In Seattle, the secondary comes first

Richard Sherman

SEATTLE -- There was always a plan. To the rest of the league, it was obnoxious: four defensive backs strutting, dancing and flapping their gums in a faraway corner forgotten by football. "I love you, Bro," they'd say to each other during warm-ups. And opponents hated playing them.

But this is just the way Richard Sherman choreographed it. He'd sit up at night, going over his material like a comedian about to take the stage. I've seen better hands on a snake. You're a bunch of bad routes and talk.

Sherman, a fifth-round draft pick of the Seattle Seahawks in 2011, was doing this before he had any clout in the NFL. Now in most NFL cities, this wouldn't fly. But Sherman's coach is Pete Carroll, a free thinker who allows his men to be who they want to be, just as long as their creativity doesn't hurt the team. But by the midway point of the 2012 season, after Sherman taunted New England quarterback Tom Brady and started calling himself Optimus Prime, even Carroll was wondering what was up.

So Carroll summoned Sherman to his office. Carroll didn't yell; he just wanted to know where Sherman was going with all of this.

Sherman turned serious. He told Carroll that he wanted to be a Hall of Famer, wanted people to call the Seahawks' defensive backs the best in the league. Sherman said he knew they were the best, but they had to get noticed, and he didn't want to wait.

"Cool," Carroll said. "Go for it."

It is the last Monday of 2013. The Seahawks are the No. 1 seed in the NFC and are enjoying the bye week, and Kam Chancellor is scrambling to get a massage, but first he must discuss the origins of the "Legion of Boom," the nickname for a group of castoff defensive backs who have captured the heart of Seattle.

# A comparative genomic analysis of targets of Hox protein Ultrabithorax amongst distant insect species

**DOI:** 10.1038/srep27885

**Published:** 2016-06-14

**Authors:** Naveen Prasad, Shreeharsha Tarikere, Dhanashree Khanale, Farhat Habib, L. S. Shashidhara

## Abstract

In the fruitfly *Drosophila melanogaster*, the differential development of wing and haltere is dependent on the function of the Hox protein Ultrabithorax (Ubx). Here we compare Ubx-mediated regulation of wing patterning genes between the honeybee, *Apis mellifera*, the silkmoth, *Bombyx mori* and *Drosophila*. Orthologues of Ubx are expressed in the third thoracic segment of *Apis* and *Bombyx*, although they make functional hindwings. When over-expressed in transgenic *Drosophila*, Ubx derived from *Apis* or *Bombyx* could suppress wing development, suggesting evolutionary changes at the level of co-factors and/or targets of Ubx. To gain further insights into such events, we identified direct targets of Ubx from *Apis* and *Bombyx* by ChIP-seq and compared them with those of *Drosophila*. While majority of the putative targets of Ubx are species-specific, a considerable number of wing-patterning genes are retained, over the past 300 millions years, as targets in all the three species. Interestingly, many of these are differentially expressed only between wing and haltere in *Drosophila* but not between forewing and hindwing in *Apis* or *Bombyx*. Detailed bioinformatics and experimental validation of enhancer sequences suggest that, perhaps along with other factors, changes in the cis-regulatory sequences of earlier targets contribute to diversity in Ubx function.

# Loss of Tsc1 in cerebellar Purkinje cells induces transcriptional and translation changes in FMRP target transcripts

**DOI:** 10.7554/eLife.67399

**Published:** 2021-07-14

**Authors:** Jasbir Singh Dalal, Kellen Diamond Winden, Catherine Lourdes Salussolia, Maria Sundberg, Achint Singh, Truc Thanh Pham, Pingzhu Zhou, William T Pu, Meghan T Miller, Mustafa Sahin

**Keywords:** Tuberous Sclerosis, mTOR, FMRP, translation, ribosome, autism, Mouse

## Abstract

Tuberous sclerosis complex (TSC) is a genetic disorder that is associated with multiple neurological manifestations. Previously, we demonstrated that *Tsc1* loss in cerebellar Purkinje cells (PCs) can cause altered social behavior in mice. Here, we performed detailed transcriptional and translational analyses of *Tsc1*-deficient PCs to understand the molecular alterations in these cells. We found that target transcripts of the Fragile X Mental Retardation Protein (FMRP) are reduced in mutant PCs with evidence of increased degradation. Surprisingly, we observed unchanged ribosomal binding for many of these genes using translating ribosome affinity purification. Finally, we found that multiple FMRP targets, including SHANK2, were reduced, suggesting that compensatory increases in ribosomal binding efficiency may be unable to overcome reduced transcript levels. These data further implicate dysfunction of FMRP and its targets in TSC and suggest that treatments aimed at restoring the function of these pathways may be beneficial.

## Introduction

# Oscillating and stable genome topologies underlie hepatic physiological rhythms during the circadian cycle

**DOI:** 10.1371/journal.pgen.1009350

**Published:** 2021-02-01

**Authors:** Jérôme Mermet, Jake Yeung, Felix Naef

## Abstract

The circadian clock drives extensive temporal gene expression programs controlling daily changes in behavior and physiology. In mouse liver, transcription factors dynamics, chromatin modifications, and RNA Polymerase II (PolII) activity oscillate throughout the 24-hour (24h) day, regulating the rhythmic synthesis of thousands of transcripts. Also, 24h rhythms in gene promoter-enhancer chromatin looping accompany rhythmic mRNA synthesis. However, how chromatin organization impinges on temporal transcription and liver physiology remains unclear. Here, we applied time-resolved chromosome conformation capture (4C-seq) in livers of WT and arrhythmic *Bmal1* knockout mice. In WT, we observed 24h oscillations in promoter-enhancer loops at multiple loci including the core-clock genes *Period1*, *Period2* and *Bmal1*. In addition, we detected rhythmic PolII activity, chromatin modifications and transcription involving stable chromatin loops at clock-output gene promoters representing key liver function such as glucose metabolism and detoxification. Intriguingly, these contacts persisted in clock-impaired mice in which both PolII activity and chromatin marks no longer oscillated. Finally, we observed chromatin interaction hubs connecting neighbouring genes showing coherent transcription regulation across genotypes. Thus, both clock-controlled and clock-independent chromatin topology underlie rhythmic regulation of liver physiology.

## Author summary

Every great defense has a nickname, right? The Steel Curtain, the Monsters of the Midway … Only the Seahawks, never short on words, couldn't quite come up with anything on this rare occasion. "The Four Horsemen" was suggested, but no, that had been done and was sort of exclusionary. "There's more than four of us," Sherman said.

Chancellor was on a radio show when he was asked about what type of player he was, and the walloping 6-foot-3, 232-pound safety said he liked to bring the boom. Shortly after that, a fan offered up the "Legion of Boom" nickname via Twitter. T-shirts were printed. Floormats, bumper stickers and legends were made.

None of the promotion seemed over the top. The secondary is Seattle's identity, and it is punishing, loud and yet somehow playful. It is intimidating, helping collect a league-high 28 interceptions and a wide array of bruised bodies and egos. It can be maddening, watching Sherman and his buddies flying around, gesturing wildly, congratulating each other like high school boys after every big play.

"They're very, very connected," Carroll said. "I think they illustrate and demonstrate the spirit of this team probably as well as any group."

The Seahawks had the No. 1 defense and top passing defense in the NFL in 2013. They allowed just 172 passing yards a game, and quarterbacks mustered just a 63.4 passer rating.